Abstract | March 2, 2021
COVID-19 and Burn Care in America
- Understand of the three principles of managing each disaster: staff, space and supplies. One aim of this program will be to provide feedback regarding these three areas, as they relate to burn care.
Introduction: A worldwide pandemic currently grips much of the global healthcare system. This pandemic is rivaled in the past 150 years only by the 1918 flu pandemic.
Planning and preparedness efforts have been ongoing for disasters specifically affect significant numbers of patients with burn injuries. As such, much effort has included a focus on the three critical elements consistent with an all-hazards approach: staff, space, and supplies. While COVID19 is not a Burn Mass Casualty Incident (BMCI) per se, it has profoundly impacted the profession and our ability to care for patients.
Only later, when we can look back to this period, will we know at what stage we are in regarding the magnitude of the disaster. Furthermore, the impact has been inconsistent, with some locations being overwhelmed while leaving others prepared for a surge that never came (at least at this point).
This report will briefly examine the first 12 weeks of data collected around North America regarding the impact COVID19 had on burn care.
Methods: A (short) six question survey was distributed to leaders from each burn center in the ABA each week for 12 consecutive weeks starting mid-March 2020. The survey primarily focused on staff, space, and supplies as it related to the burn center with a final question focusing on the healthcare system. Results: We received replies from approximately 50 burn centers each week during the survey. The respondents represented each of the regions of the US and Canada.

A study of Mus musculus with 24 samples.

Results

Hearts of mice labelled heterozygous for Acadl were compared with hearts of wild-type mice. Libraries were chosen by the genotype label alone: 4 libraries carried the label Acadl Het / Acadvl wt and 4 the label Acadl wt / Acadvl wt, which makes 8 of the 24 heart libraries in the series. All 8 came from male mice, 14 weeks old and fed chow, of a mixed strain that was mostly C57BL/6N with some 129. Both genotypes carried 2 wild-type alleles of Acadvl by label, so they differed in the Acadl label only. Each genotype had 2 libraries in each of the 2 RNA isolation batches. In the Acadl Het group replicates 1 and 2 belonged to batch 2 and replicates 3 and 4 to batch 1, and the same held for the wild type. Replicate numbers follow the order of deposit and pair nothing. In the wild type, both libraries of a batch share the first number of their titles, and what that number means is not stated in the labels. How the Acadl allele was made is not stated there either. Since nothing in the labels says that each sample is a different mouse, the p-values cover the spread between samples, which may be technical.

Results: We received replies from approximately 50 burn centers each week during the survey.
The respondents represented each of the regions of the US and Canada.
Respondents who reported: a “mild problem, not impacting care.”
Staff range from 24% (week 12) to 39% (week 5).
Supply range from 0% (week 12) to 63% (week 1).
Space range from 26% (week 1) to 25% (weeks 3 and 4)
Respondents who reported: a “moderate problem threatening care”
Staff range from 7% (week 12) to 19% (week 3).
Supply range from 0% (week 12) to 30% (week 1).
Space range from 6% (week 7) to 19% (week 3).
The third section focused on general surge capacity at the healthcare system where the burn center is located. Surge capacity added to augment space needs for the healthcare system ranged from: a low of 16% week 12 to 47% week 3.
Conclusions: While this disaster had little to do with burn-injured patients, it substantially reduced capacity to provide care for all disciplines as many systems diverted resources to confront the crisis. The costs are yet to be fully measured, but our efforts to focus on investing in disaster preparedness are essential for long term continuity of care. Early into the disaster, supply was the most critical deficit. As the supply chain was rebuilt, and space was acquired, a variety of solutions were employed to solve the staffing shortage. Long term, the staff component of this disaster will pose the greatest concern.
Applicability to Practice: This disaster reminds us of the value to consider all hazards that also limit our ability to care for patients with burn injuries.